I have always loved green growing things. In the same way that throwing away a book feels almost like a criminal act, throwing away a plant, even one that seems reluctant to live, has always been difficult for me. I confess to being grateful for the dandelion’s sunny punctuation in what are often otherwise desolate spots. I like its pointy arugula-like leaves and  find it hard to pluck one, even from the most lush and otherwise manicured lawn. Its blowsy seed head, despised by so many, takes me back to a time when sending that gossamer puff off into space with a whoosh of breath was an easy substitute for having a soap bubble kit.

I confess to a life-long love for trees in particular. I’ve never once felt insulted to be called a tree hugger. A tiny three-inch cedar seedling I once planted as a child still stands, more than half a century later, where I planted it beside a rural road, so near the shoulder it’s hard to say which is more miraculous – its present height or the fact that no passing logging truck or road grader ever crushed it in its infancy. Despite the scenic wonders of desert spaces, and despite the fact that I’m drawn to so much that urban living offers, I can’t imagine living somewhere without the close proximity of trees.

Of late I’ve been thinking more and more about trees. Wildfires in California, intentional fires in the Amazon, deregulation of previously sacrosanct public lands, and the endless appetite for felling trees that might stand in the way of whatever the market seems to currently  value – all of this against the backdrop of increasingly bleak predictions concerning our environment. And, I’ve been reading Richard Powers’ The Overstory. As a result, perhaps, I find I’m flooded with a desire to see the apple trees that once grew on my parents’ farm, to stand in a snow-shower of their blossoms and experience again that transporting scent. I feel a curious need to locate a still-existing grove of beech trees somewhere and a growing urge to go visit the majestic redwoods one more time while I, and they, are still here.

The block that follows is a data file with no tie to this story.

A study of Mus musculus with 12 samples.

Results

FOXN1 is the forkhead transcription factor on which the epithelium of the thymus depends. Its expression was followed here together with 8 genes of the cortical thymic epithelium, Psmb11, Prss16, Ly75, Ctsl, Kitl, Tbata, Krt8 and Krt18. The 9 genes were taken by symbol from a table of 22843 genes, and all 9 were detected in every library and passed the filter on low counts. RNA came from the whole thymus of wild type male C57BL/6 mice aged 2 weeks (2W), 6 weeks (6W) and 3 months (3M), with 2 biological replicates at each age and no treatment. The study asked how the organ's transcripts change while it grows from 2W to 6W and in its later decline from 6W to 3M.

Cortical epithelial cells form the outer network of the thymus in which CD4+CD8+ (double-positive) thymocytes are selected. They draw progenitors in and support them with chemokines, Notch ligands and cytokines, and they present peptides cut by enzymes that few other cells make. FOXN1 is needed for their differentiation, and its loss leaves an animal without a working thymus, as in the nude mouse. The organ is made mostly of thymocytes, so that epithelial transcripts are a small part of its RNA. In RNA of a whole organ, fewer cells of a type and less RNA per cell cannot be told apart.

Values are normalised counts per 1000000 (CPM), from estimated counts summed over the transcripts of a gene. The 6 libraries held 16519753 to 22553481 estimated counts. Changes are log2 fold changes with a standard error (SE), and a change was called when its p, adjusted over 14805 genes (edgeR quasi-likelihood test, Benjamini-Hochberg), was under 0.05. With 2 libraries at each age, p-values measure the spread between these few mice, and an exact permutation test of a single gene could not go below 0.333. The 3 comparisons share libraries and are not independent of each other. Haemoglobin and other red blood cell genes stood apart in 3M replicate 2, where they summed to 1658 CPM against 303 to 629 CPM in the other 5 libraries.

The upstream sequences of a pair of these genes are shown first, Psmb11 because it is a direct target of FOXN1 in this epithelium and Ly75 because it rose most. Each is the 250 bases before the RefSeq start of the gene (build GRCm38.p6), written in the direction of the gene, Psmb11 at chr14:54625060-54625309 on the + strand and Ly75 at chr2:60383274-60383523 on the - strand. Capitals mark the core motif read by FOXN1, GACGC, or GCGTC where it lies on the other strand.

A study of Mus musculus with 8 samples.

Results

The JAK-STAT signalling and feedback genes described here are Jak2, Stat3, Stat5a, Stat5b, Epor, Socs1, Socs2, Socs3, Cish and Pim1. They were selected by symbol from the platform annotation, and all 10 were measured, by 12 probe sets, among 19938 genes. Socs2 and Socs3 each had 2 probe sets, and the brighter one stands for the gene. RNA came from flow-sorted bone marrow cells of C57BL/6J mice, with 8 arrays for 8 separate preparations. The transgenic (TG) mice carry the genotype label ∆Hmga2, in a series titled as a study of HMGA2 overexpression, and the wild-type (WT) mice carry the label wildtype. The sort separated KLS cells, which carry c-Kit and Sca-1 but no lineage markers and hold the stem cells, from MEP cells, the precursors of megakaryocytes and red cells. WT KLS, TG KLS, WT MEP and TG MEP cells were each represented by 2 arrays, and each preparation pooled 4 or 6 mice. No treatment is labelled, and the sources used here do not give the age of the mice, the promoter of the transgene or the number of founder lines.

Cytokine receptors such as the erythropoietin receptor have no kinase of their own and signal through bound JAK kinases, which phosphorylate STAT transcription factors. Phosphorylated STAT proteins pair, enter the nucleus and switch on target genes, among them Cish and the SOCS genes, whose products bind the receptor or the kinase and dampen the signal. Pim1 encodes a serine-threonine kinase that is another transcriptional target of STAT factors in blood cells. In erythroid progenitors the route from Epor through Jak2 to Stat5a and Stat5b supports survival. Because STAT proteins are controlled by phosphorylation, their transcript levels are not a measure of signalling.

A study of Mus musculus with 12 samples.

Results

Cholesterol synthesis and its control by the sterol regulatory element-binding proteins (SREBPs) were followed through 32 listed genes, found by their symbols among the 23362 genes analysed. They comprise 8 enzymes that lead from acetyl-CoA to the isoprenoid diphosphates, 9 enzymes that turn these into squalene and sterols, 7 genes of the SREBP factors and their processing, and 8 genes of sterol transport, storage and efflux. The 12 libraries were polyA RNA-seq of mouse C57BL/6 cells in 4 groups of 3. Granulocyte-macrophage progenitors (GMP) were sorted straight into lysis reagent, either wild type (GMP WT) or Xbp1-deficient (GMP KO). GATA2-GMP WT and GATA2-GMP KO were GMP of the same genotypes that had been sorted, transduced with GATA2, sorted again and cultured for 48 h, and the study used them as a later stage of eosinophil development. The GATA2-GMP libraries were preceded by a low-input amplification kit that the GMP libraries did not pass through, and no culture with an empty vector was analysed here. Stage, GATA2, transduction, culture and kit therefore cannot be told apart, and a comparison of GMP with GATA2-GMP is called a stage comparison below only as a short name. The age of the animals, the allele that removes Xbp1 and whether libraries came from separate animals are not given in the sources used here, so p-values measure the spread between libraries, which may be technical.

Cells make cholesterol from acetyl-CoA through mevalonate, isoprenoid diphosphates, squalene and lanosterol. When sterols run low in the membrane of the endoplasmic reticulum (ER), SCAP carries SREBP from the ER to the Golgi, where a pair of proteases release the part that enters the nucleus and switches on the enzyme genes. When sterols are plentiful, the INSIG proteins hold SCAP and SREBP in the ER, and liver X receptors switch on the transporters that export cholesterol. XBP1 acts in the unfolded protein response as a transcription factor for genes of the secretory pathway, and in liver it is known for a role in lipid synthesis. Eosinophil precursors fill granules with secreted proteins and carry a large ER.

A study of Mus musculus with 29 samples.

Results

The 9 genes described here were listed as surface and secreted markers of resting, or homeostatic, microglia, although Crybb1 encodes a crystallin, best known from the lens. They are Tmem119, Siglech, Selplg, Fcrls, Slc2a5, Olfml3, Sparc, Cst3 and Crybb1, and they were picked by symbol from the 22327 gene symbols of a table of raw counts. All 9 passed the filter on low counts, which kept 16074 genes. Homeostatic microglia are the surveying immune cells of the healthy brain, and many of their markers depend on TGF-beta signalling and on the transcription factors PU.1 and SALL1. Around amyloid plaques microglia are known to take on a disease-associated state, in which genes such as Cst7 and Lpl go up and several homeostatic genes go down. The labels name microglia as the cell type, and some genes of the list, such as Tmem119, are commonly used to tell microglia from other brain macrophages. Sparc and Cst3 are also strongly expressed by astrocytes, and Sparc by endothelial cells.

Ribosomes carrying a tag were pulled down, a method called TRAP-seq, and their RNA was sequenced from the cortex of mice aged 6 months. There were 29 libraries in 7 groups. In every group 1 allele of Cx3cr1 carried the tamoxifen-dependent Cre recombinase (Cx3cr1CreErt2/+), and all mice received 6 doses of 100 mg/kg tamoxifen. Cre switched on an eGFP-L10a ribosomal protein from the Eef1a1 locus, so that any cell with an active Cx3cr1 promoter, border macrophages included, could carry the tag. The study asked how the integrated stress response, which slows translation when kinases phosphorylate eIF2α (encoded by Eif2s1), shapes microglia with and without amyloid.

What is it about trees that so captivates some of us? Could what Powers’ novel (along with growing scientific research) suggests be correct, that we have greatly underestimated the origin, the nature, the true purpose of trees? That trees do in fact communicate in ways we have barely begun to understand? Might it be that what we owe these ancients and what we need to learn from them is something very different from what we have so far imagined? That what we may ultimately require from them for our mutual survival is not simply the obvious creature comforts or product profits they can yield, but something far greater, something we are on the cusp of discovering if we will take the time to observe and consider? Trees are beautiful, complex, majestic. No wonder they have been thought to hold magic or that poets and painters alike have paid them tribute throughout the ages. To stand beneath a giant and ancient tree is to feel protected, privileged, humbled. Powers posits that trees communicate with each other. I believe they have much to say to us as well if we will choose to listen.